All species have their annual rites of spring.

Some roll out of the cave after the long winter hibernation, others flex and primp and prepare for the mating season and others hone their antlers for the annual test of “King of the Hill.” Trees bud, flowers bloom, birds twitter and I busy myself preparing for my springtime test of strength, stamina, skill and courage, which, if well performed, will vault me into the rarified air of legends.

I play golf.

Actually, I play something similar to, but not exactly real, golf; Justin, Dustin, Tiger and Phil play golf. I am practicing all facets of the game from tee shots to smoothing the putting stroke and generally tuning up the old swing.

Real golfers merely tweak their game, making subtle changes in anticipation of the course on which they will play, weather, wind and type of greens, turf and sand. I make changes in anticipation of avoiding injury.

As you may know, golf success is much more mental than physical, though being in great physical shape definitely helps in the pursuit of perfection. It goes without saying that if you do attempt to play golf you might be physically capable, but you are undoubtedly mentally deficient.

Yogi Berra had it right: “Ninety percent of golf is half mental.” Well, I think he had it right, but in any event you get the gist of it.

My “golf game,” as I so euphemistically refer to it, is a tattered remnant of a day long gone, shrouded in the mist of memory and time. In my youth my swing was honed, my chipping crisp and my putting sure. Well, anyway, that’s the way I remember it.

Golf is a maddening endeavor. The best and worst golfers in the world will concur that it comes and goes and no matter how much you practice, read, study the videos or watch the pros, the game is a frustrating and fickle devil.

One day up and the next day down, from smoking it down the middle to stumbling around the forest hunting your golf balls like mushrooms. No matter what disaster occurs today, no matter the anguish or even the little triumphs, tomorrow brings another day, another opportunity in the quest.

The golf equipment industry is a multi-billion-dollar business built on the premise and prayers of every golfer that all they need is that one perfect club, that one magic putter and perfection can and will be attained.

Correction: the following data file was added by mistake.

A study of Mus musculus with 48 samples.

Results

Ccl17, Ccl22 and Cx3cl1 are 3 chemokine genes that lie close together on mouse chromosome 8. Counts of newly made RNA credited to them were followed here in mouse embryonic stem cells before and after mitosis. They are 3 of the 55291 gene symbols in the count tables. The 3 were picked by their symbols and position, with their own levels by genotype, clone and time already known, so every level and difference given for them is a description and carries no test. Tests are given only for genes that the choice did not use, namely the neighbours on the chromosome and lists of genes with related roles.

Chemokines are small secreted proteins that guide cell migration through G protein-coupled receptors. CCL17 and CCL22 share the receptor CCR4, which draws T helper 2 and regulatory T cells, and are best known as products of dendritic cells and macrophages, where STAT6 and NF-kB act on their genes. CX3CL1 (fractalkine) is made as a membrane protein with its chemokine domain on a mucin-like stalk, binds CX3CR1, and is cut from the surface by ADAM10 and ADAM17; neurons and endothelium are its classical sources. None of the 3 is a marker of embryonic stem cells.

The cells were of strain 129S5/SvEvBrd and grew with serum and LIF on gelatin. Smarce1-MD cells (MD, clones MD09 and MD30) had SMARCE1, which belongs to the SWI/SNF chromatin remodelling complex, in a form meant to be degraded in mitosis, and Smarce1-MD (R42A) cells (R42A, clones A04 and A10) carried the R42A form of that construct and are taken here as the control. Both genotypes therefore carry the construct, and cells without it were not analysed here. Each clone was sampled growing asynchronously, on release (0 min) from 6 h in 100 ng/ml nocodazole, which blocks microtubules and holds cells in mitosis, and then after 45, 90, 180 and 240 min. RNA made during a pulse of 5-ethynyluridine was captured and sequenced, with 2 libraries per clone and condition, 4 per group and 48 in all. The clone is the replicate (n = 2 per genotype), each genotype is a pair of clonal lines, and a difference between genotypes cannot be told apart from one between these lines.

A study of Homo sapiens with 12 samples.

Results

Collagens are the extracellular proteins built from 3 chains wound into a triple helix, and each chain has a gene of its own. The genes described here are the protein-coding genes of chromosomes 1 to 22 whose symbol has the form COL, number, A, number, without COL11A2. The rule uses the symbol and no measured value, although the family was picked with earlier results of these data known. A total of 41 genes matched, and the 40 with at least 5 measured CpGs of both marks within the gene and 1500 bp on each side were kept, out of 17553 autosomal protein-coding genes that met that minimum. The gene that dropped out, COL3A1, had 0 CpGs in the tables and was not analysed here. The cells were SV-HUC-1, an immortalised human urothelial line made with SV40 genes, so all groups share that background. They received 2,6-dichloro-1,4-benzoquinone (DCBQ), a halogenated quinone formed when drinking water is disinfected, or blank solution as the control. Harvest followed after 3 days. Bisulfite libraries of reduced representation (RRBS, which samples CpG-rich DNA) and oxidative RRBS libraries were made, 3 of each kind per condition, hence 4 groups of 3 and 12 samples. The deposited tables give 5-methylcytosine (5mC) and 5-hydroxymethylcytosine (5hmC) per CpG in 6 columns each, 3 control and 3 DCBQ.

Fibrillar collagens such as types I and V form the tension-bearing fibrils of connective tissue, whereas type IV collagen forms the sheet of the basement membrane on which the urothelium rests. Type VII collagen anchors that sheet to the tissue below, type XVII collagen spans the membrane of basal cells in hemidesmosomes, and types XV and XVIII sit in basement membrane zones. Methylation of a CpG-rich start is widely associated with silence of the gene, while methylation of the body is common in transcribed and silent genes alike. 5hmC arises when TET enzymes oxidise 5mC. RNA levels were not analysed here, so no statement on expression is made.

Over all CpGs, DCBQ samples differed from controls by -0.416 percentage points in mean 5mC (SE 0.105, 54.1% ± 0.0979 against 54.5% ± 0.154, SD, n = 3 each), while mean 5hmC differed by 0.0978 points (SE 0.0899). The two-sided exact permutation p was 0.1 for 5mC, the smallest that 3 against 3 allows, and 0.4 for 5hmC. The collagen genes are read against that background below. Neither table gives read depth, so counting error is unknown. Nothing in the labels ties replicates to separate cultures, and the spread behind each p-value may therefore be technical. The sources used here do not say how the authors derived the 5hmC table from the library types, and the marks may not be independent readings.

It might even be the shoes or the magic ball. New equipment is introduced on a daily basis, all with the promise of lowering the handicap, smoothing the swing and propelling you to the exalted ranks of “golfer.”

There are gadgets for keeping your head down, left arm straight, elbow tucked for hitting the sweet spot every time and all kinds of practice aids sure to improve not only your golf game, but your workplace status and your love life. Most come with a 30 day trial and satisfaction is almost always guaranteed.

You can get your money back if it isn’t satisfying enough, but you’ll need a note from the golf pro, your boss and your wife. No one ever applies for the refund.

Out there on the range with blistered hands, sunburned skin and perspiration dripping from every pore hitting balls and reading putts. Diligence is grinding out another day of training the mind and body to exhaustion for an impeccable, flawless performance.

Is the work, the effort, the sacrifice and mental torture really worth it? I decided … nope.

Let those who make it their living expose themselves to the rigors of perfect golf while I make a sandwich, pop a can and settle in to another hour of the Golf Channel.

I’m bound to pick up a tip or two that will catapult me to the top of my game.